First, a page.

Fee-free wellness

Fee-free wellness

Sleep & eat well, exercise, and meditate.

Habits (or their absence) shape our way of seeing the world and the tone of perceived reality: our optimism and pessimism depend more on psychosomatic balance than popular culture suggests.

To prevent or overcome stress, anxiety and other compulsive disorders, science, philosophy and cognitive science agree on their recipe: listen to body and mind.

Listen to your body

It is not so much about “eliminating” stress, but about understanding what physical, chemical and mental processes make up a whole in our body and what we rest, eat or think about affects well-being and long-term performance.

We can analyze the relationship between lifestyle and well-being with as much pragmatism or abstraction as we wish, without forgetting that regular exercise, a varied and non-compulsive diet, rest and introspective activities feed each other.

Meditating (introspection) helps sleep, as do exercise and good eating habits, while good sleep affects mood, health and mental performance. Something new? Yes and no. The classics intuited it (the concepts of excellence or moderation are associated with a balance of these practices), while now there is a growing scientific consensus on the matter.

Children of cultural dualism: body and mind are a whole

As suggested by classical life philosophies and contemporary philosophy -from Nietzsche to George Lakoff-, mind and body are indissoluble entities that react to illness, atrophy or exhaustion in an integrated manner.

Traditional and specialized media rush to comment on old and new studies that relate psychosomatic health and well-being without compiling or relating complementary information to each other, thus achieving a cacophony that is as incomplete as it is simplistic, diluting the value of information that, well-considered, could have more influence on the quality of life of anyone than the combination of all the policies decided by others to -supposedly- improve our day to day.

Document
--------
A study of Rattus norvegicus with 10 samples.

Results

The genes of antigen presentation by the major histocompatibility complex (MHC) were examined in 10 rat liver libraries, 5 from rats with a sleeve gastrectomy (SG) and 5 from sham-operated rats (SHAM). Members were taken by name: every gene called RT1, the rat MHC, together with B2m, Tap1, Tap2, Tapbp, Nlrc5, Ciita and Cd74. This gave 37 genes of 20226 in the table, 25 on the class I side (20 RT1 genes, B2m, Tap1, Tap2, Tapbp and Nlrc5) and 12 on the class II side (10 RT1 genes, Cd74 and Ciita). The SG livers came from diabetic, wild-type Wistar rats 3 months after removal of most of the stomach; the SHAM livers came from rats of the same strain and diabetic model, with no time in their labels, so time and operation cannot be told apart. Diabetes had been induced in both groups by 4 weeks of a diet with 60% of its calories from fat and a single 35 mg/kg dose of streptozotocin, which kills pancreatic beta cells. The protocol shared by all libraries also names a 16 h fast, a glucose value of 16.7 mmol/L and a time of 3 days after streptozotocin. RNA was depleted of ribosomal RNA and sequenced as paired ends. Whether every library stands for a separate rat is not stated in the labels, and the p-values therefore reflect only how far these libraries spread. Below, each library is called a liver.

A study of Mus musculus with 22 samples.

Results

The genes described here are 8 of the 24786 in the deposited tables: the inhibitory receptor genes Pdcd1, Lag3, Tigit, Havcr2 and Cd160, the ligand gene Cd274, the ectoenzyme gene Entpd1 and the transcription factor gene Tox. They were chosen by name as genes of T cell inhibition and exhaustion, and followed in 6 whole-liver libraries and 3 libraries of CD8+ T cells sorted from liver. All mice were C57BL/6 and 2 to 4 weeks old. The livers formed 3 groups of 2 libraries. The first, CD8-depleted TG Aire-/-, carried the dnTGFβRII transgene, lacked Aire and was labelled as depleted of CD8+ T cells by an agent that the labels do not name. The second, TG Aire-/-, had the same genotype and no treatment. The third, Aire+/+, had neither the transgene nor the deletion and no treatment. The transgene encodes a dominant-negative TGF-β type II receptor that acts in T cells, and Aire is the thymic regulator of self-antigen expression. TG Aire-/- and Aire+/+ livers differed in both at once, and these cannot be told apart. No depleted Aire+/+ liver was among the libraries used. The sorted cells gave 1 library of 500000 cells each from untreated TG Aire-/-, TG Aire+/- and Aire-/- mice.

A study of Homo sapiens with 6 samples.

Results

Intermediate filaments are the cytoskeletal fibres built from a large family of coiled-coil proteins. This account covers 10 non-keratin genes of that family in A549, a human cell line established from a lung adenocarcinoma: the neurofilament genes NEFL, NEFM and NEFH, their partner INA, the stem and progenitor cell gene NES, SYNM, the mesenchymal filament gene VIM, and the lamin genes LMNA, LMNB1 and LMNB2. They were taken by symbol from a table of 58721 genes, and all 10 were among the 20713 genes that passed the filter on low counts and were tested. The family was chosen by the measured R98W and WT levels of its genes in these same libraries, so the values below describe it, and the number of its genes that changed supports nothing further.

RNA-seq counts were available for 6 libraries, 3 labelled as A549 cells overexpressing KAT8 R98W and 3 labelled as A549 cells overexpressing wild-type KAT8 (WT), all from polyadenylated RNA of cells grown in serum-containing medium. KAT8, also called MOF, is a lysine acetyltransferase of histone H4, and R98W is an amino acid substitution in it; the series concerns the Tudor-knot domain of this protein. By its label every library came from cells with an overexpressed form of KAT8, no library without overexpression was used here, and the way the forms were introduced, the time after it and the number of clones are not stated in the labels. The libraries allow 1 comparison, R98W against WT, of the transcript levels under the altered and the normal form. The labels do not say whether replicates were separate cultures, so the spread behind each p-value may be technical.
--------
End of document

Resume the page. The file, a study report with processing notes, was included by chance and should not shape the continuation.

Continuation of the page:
Creating habits

It is enough to visit the Well blog of The New York Times and consult related literature in specialized publications to refresh what we are learning in-depth about the state of mind and body and our attitude towards the world.

Sleep and eat well, exercise, practice some introspection techniques (meditate, read in-depth, do some gardening or DIY, engage in some pleasant activity that allows us to wander) and drink coffee – not to be confused with those sugar bombs on the chains of most popular coffee shops, nor to excess – will do more for us than any other thing. 

Here is a short list to keep you on track:

  • 1. Maintain a healthy diet.
  • 2. Exercise regularly.
  • 3. Get around 7-8 hours of sleep.
  • 4. Try to manage your stress levels.
  • 5. Drink plenty of water and avoid sugary drinks.
  • 6. Avoid smoking and excessive alcohol consumption.
  • 7. Make time for relaxation and self-care.
  • 8. Stay connected with friends and family members.

And since you are in Tulum, be mindful of the sun, however needed a sun bath is.